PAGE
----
Much of that enforced leave goes unpaid. Sometimes, accident victims lose their jobs altogether simply because their injuries leave them unable to return to work in a timely manner.

While it is wrong to call this a bright side, the Virginia law that sets the rules for personal injury insurance claims and civil lawsuits authorizes requests for lost wages. These types of allowable economic damages come in many forms, including the loss of lifetime earnings from a permanent disability and the loss of employment opportunities, such as having to cancel a job interview while recovering. In this article, I will focus on claims for loss of current wages.


First, recognize that the following information concerns personal injury cases. These can involve car and truck crashes, slips, falls, dog bites, medical malpractice or defective and dangerous products. Injuries that occur on the job — even if they result from one of the causes listed in the preceding sentence — are best handled by the Virginia workers’ compensation program.

Consulting with an experienced Virginia personal injury attorney will help a person understand if he or she has grounds for claiming lost wages. A person can move ahead with an insurance claim or lawsuit if all the following circumstances exist:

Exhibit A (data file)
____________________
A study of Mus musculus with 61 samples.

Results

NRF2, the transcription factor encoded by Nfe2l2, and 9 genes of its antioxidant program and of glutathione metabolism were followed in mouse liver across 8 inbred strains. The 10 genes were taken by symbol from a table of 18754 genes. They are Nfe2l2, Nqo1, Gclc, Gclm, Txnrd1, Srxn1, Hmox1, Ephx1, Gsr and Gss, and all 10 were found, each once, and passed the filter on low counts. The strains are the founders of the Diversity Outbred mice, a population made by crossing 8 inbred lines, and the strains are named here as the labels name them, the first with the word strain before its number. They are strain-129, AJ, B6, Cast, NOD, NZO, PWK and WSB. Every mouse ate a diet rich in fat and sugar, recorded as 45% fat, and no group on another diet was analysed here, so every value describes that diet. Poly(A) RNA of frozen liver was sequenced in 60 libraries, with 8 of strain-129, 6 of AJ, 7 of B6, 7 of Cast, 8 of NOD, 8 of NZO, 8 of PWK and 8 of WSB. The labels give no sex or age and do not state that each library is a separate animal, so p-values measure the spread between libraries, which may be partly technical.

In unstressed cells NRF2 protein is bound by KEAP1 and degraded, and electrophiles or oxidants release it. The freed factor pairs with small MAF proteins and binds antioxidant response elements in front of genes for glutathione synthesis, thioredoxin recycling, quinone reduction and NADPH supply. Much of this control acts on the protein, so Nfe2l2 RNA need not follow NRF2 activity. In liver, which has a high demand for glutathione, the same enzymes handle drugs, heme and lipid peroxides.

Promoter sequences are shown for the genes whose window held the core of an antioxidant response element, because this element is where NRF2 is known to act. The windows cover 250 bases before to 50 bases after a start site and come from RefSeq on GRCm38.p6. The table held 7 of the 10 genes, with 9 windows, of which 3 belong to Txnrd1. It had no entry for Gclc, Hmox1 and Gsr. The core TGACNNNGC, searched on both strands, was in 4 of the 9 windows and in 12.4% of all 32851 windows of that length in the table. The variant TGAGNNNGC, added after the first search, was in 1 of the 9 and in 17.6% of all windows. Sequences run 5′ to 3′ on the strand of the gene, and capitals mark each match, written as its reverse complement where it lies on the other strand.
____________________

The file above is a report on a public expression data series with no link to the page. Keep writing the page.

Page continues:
• Another person or organization caused the accident,
  • The accident inflicted an injury that required medical treatment,
  • Recovering from the injury forced the victim to miss work, and
  • Some or all of the time the injured accident victim missed from work went uncompensated.

Establishing each fact requires evidence that a Virginia personal injury lawyer can help collect, interpret, organize and present to an insurance company representative or to a judge and jury. Regarding the need to take unpaid leave, the lawyer will request

  • Medical records and therapists’ notes to prove the existence of a temporarily disabling injury;
  • Emails and other correspondence about leave and return dates between his client and the client’s employer;
  • Timesheets or other records of hours and days worked prior to and following the accident; and
  • Paychecks.

Once it is clear that an accident victim deserves economic damages in the form of lost wages, the amount can be easily calculated by counting the hours of paid work taken as uncompensated leave. It may also be appropriate to factor in missed overtime, unpaid bonuses and commissions.